An email-turned-guest post from a former client.
This year, as a postdoc, both the NIH fellowship and the NSF grant I wrote were funded, and one of my papers was shortlisted for the Outstanding Paper of the Year Prize at a top journal in my field. Things were going well, on paper.
However, I was absolutely miserable in my day-to-day life. I was completely isolated and did not feel like I belonged or included in the lab group; I cannot say if being the woman among a group of men was *the problem*, but it certainly did not help. The lack of intellectual exchange and lack of logistical support for lab experiments led me to feel completely overwhelmed trying to do everything myself. I was terribly lonely both personally and professionally (having moved across the country for this job, and knowing absolutely no one in the state). It was an intellectual desert, and a social one too.
Two years of that kind of isolation did me in. I became extremely depressed to the point of hospitalization. Soon after the hospitalization I had a car accident where the car was totaled. Fortunately I was not injured. It did seem to me a warning sign that I had to leave.
So, I started applying for jobs back east. Through a friend I found out about an opportunity at a consulting company in DC, and applied. I was offered the position, and in September I accepted the job and moved to DC.
I have some friends and family in the area, so that is good. I am thankful for the friends and family who supported me in this decision, because it was not easy.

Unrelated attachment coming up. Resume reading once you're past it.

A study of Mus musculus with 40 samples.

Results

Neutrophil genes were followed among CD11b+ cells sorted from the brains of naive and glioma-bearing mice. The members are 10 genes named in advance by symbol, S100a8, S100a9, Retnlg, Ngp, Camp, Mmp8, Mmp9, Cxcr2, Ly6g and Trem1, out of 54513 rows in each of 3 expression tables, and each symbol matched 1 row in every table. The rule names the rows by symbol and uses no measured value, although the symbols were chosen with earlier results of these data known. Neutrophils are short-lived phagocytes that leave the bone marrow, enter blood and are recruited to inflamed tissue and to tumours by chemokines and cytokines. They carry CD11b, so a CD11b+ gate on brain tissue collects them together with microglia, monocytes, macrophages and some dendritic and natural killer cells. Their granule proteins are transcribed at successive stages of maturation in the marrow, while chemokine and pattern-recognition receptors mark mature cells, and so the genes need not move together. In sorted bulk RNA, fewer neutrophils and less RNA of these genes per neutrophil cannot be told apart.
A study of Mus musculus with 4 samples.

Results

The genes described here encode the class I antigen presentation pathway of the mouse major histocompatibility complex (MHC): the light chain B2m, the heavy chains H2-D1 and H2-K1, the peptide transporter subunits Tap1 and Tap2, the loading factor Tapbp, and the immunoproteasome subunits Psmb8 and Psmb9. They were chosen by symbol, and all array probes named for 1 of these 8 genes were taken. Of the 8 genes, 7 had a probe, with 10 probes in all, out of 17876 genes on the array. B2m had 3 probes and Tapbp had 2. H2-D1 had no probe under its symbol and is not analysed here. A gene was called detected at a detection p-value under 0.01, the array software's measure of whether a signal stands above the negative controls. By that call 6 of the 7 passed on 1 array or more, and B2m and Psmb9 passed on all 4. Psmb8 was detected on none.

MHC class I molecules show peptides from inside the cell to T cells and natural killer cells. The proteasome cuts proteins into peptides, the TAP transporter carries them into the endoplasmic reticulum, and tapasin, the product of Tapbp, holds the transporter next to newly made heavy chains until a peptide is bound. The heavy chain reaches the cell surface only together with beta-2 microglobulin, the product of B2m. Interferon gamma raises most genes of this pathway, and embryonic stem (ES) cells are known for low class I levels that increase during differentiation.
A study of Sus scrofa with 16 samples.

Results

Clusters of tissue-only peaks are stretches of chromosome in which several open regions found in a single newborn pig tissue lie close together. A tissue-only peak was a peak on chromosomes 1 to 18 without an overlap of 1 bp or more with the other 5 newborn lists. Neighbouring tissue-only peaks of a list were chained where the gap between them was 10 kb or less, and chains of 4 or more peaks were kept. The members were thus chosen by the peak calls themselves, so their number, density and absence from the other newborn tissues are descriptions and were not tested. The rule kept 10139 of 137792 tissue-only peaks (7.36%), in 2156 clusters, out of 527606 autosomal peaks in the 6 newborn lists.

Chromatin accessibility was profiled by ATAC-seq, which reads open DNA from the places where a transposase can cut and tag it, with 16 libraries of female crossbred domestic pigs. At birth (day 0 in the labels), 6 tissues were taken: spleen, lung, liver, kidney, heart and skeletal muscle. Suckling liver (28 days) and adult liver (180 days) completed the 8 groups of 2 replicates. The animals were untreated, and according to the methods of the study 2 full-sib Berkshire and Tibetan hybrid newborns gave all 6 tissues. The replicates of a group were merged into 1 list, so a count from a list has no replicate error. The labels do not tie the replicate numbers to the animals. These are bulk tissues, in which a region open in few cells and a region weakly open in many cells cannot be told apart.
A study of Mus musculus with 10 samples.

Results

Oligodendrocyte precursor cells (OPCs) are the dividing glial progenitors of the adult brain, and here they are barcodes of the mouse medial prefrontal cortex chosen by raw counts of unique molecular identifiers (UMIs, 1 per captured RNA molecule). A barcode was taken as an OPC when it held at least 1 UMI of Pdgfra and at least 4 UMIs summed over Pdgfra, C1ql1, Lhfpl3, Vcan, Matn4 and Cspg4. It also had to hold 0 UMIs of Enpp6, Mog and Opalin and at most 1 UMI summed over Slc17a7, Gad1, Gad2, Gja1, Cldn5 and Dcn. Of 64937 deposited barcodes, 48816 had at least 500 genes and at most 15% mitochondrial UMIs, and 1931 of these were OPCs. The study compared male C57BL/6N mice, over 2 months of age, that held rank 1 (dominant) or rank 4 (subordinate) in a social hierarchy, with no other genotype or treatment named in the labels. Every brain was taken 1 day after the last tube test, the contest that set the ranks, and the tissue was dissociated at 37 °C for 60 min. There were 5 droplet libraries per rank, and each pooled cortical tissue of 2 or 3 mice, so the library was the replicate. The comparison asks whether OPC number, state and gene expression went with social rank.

After leaving, I spent several weeks feeling like I had died – more specifically, that I was dead to the people I had left behind at the university. When your very sense of being is tied to your professional identity, and then you leave, you will feel dead. I hadn’t realized how much my sense of self was tied to my work until this happened. This phenomenon is something that Rebecca Schuman (author of the Slate article Thesis Hatement) and others have written about, but hard to imagine until you really go through it yourself.
One of the main benefits of leaving was to gain a broader perspective about how science is funded and managed, and to get a peek into the world of science policy. The company I work for supports NIH and EPA in organizing conferences and writing meeting summaries and teleconference minutes. In my role as a science writer, I get to be a fly on the wall at meetings and teleconferences. The work gives me a better understanding of the organizational structures and processes in place to execute “big science” projects.
This is a completely new and different perspective on science from that of the lone scientist working away in the lab at all hours of the day and night. Also, because I work on various different projects simultaneously, I get a much broader view of science than I did in the lab (academic lab science can give you tunnel vision…).
I am still disoriented and wonder if leaving this academic trajectory (which was on paper going so well!) was the right decision. The new job is not perfect (no job is), but it at least provides the opportunity to gain some perspective and see what life is like outside the ivory tower (and proves to me that leaving is not the end of the world).